Botrytis is a particularly tricky pathogen.
In a previous article, the Delphy Team Cannabis has discussed solutions to mitigate the problem and have botrytis-free cultivation: methods for this could be a careful genetics selection, proper dehumidification, but also alternative methodologies such as UV disinfection, as well as working on making the plant more resilient.
Making plants resilient to pathogens is a very hot topic in the horticulture world, and this is often related to discussions of soil-improving microbes. At the same time, there are more ways to make a plant resilient. For instance, nighttime evaporation or assimilate balance are useful methods to make cannabis more resistant to botrytis.
Botrytis is a weakness-inducing parasite that germinates on weak, damaged, or dead plant materials, in conditions of high humidity (94% or more). Calcium is an element that makes the plant sturdier, which conversely makes Botrytis less likely to develop. Calcium is an immobile element, which means that most of it is transported to the leaves because of radiation and evaporation. However, flowers are the most susceptible to Botrytis, so this is where calcium should be transported to make flowers more resilient. This is difficult to accomplish during the day, because of the lack of radiation-caused evaporation, which makes calcium ends up in the leaves. That’s why this is best achieved in the night when there is no light: this is what’s called night evaporation.
To better understand night evaporation, imagine a wet cloth that has to dry in a dark room. When this happens, both to the wet cloth or to a flower, there are three possible scenarios.
When an object is colder than the environment, then it can be more susceptible to Botrytis. Let’s consider screening against radiation for this. If there is no screening on a clear night, the flower will radiate heat, thus becoming colder. On the other hand, a colder flower will evaporate less, thus transporting less calcium to the flower, making it more susceptible to pathogens. On top of that, there is a chance that the flower will drop below the dew point, thus causing condensation which leads to increased susceptibility.
Convection increase (airflow)
Another method to stimulate night-time evaporation is through having more airflow for the cultivation. If you consider the wet cloth again, it would dry faster when a fan is on it. In a cultivation, you can do that by hanging ventilators across the growing environment. This not only creates a more uniform climate but also generates higher night evaporation.
Lowering the air humidity
A third and often used method to stimulate night evaporation is to lower the air humidity. When the humidity in a space is lower than the wet object in question, this would dry faster as the difference in humidity within and around the wet cloth or flower is greater than the humidity in the environment. The environment can then extract moisture from the wet cloth (or flower) before the air gets saturated. In practice, this is done by airing through the windows or by using dehumidification equipment.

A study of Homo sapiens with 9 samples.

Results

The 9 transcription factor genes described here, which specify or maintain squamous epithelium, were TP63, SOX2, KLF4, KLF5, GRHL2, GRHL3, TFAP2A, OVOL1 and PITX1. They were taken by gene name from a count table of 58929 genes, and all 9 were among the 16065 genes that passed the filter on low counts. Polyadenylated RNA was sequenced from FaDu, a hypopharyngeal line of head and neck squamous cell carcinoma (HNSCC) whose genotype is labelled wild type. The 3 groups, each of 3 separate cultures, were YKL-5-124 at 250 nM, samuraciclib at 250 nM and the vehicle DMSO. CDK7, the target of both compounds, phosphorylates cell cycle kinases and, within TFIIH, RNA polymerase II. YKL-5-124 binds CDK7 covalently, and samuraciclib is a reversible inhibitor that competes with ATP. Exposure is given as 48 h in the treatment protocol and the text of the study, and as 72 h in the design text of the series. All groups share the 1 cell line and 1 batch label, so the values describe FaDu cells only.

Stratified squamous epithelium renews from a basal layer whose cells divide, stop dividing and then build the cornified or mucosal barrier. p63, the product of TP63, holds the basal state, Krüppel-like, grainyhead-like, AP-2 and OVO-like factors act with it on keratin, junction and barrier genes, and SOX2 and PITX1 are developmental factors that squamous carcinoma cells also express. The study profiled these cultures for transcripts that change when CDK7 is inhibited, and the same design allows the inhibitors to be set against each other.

All the above-mentioned factors determine whether there is sufficient nighttime evaporation for the calcium to get to the flowers. Higher night-time evaporation makes the flowers less susceptible to Botrytis. Yet, if it’s too high, the crop will become (too) generative, which will result in smaller flowers and lower yields. In general, it is assumed that evaporation of 15 grams/m2/hour during the night should be sufficient. At Delphy they think this should be higher for cannabis. The ideal amount of night-time evaporation is one of the points that is being researched for the five-year indoor cannabis research at Delphy.
Assimilate balance concerns the ratio of sugars produced (assimilation), and the sugars consumed (dissimilation). Plants produce sugar as a result of photosynthesis; at the same time, these same sugars are also consumed to keep the plant going. The consumption of these sugars goes hand in hand with temperature. A higher temperature ensures higher dissimilation. For a healthy and resilient plant, it is important that both assimilation and dissimilation are in balance. Light, CO2, and temperature are the most important parameters for that. When the temperature is too high (for the amount of radiation), then the plant will have a too high dissimilation, thus becoming ‘weak’. Weak plants are less resilient and more susceptible to diseases and pests. When a plant grows too weak, two things can be done:
- Increase the radiation = more assimilation
- Lower the temperature = less dissimilation
That’s why it is critical to keep an eye on the relationship between the total radiation and the 24-hour temperature. When a plant has a net amount of assimilate leftovers, it becomes stronger and more resilient. This is because the plant can use the extra sugar to produce healthier leaves, roots, and flowers, as well as higher content substances. All of that ensures that a plant becomes less susceptible to Botrytis.
It is difficult to establish the correct relationship between radiation and daytime temperature, as this is different from crop to crop, but also from cultivar to cultivar. To better understand this, Delphy has developed a tool through which growers can see which 24-hour temperature must be achieved for a certain radiation sum to keep the plant in balance.
Resilient cultivation is one of the points Delphy is researching during the five-year indoor cannabis trials, which will take place at the Improvement Center in Bleiswijk, the Netherlands.